The latest opinion out of the New Mexico Supreme Court, In re Behles, is a reminder of both an attorney’s duty to safeguard client money and the diverse jurisdiction of the state’s highest court. One of the Court’s other areas of responsibility is to review recommendations by the disciplinary board regarding the discipline of attorneys who have violated the rules of professional conduct. The Court hears one or two such cases per year.
This case involved one of the classic ways to get disbarred: mismanagement of client funds. Attorneys frequently handle client money. They are required to keep it separate from their own funds and to rigorously account for it. Even where the money is for work that the client will do (for example a retainer), the attorney may not move the money from the trust account to the operating account until it has been earned.
We write to emphasize the longstanding principle that “stealing client funds is perhaps the most egregious violation of a lawyer’s ethical responsibilities[.]” This Court will not condone misconduct that irreparably erodes the sacred bond of trust shared between attorney and client.
Behles represented a building owner in what was essentially a construction dispute. According to the opinion, Behles took a $7,500 retainer from the client, but deposited it directly into her operating account (not, as she should have, her trust account). From the record, it does not appear that she did any work to earn this fee until months later.
Unfortunately, this was only the beginning. Without getting to far into the details, Behles charged another retainer which she deposited directly into her operating account. After the district court disbursed money to her client, she kept all of it for herself (claiming it as a contingent fee!), while apparently telling her client she hand mailed them a check for that amount. She charged an unreasonable fee, and did not account for any trust funds until after the disciplinary board began an investigation.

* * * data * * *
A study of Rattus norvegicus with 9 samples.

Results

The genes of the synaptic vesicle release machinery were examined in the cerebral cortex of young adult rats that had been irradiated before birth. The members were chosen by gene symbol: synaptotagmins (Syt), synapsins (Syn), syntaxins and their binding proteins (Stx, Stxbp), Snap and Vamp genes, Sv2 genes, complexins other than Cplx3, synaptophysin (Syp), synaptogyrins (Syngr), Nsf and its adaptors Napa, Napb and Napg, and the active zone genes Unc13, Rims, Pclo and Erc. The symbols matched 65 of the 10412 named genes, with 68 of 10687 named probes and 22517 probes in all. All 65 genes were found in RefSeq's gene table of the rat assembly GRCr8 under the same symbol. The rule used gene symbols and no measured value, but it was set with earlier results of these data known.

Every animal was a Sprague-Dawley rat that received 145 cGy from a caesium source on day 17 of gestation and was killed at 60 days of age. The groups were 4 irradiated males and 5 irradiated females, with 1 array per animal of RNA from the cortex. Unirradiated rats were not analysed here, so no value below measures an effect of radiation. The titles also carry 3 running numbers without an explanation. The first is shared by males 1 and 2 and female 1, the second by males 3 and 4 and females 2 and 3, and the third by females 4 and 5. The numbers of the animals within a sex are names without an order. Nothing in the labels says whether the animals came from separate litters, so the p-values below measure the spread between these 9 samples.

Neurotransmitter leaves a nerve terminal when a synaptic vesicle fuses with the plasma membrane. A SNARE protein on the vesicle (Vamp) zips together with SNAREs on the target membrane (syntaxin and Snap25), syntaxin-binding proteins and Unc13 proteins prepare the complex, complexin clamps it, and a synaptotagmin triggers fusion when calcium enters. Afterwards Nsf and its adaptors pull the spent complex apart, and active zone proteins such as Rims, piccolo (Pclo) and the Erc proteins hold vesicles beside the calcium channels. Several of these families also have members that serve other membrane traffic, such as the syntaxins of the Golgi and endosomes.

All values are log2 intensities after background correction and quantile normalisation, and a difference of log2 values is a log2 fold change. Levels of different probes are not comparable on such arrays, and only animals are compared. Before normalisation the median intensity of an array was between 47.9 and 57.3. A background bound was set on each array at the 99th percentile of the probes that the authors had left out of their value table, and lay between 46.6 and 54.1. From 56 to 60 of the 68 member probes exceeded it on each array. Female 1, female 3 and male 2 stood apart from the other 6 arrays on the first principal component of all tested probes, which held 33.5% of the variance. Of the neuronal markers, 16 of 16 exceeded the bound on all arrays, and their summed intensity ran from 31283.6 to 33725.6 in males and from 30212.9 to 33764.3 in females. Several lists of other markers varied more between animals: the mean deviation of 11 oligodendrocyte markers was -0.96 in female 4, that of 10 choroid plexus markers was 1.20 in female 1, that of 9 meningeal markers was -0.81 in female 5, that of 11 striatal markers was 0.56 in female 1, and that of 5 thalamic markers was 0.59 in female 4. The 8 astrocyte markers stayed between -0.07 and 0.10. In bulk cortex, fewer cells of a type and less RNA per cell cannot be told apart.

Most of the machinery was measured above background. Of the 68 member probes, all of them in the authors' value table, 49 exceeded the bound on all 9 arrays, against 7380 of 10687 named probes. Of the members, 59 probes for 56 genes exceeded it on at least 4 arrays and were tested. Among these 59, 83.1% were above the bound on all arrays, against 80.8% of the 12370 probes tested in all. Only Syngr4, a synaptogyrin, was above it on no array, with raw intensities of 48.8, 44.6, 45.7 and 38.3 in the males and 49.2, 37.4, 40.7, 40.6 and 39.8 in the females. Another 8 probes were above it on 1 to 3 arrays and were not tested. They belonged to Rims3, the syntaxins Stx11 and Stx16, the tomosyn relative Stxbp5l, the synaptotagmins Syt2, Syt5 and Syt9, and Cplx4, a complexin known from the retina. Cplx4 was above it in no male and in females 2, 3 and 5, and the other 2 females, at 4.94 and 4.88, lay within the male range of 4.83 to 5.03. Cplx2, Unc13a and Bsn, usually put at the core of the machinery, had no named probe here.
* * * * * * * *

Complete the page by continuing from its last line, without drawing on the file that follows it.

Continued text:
Given that she had already been suspended from the practice of law once previously for mismanaging trust funds, the outcome of this case was never in doubt: the Court adopted the disciplinary board’s recommendation that Behles be disbarred.
As a decision on a disciplinary board recommendation, this opinion is not particularly interesting from an appellate point of view. This is especially so given that the facts basically demanded this outcome. But, perhaps due to the sheer variety of misconduct, the opinion is able to lay out many of the rules regarding how client money should be accounted for. If you are an attorney, it is well worth the fifteen minutes to read even for attorneys with excellent accounting practices. And if you are a client, know that this sort of behavior is uncommon and not tolerated. You can report mismanagement of client funds (or any violations of the rules of professional conduct) to the disciplinary board.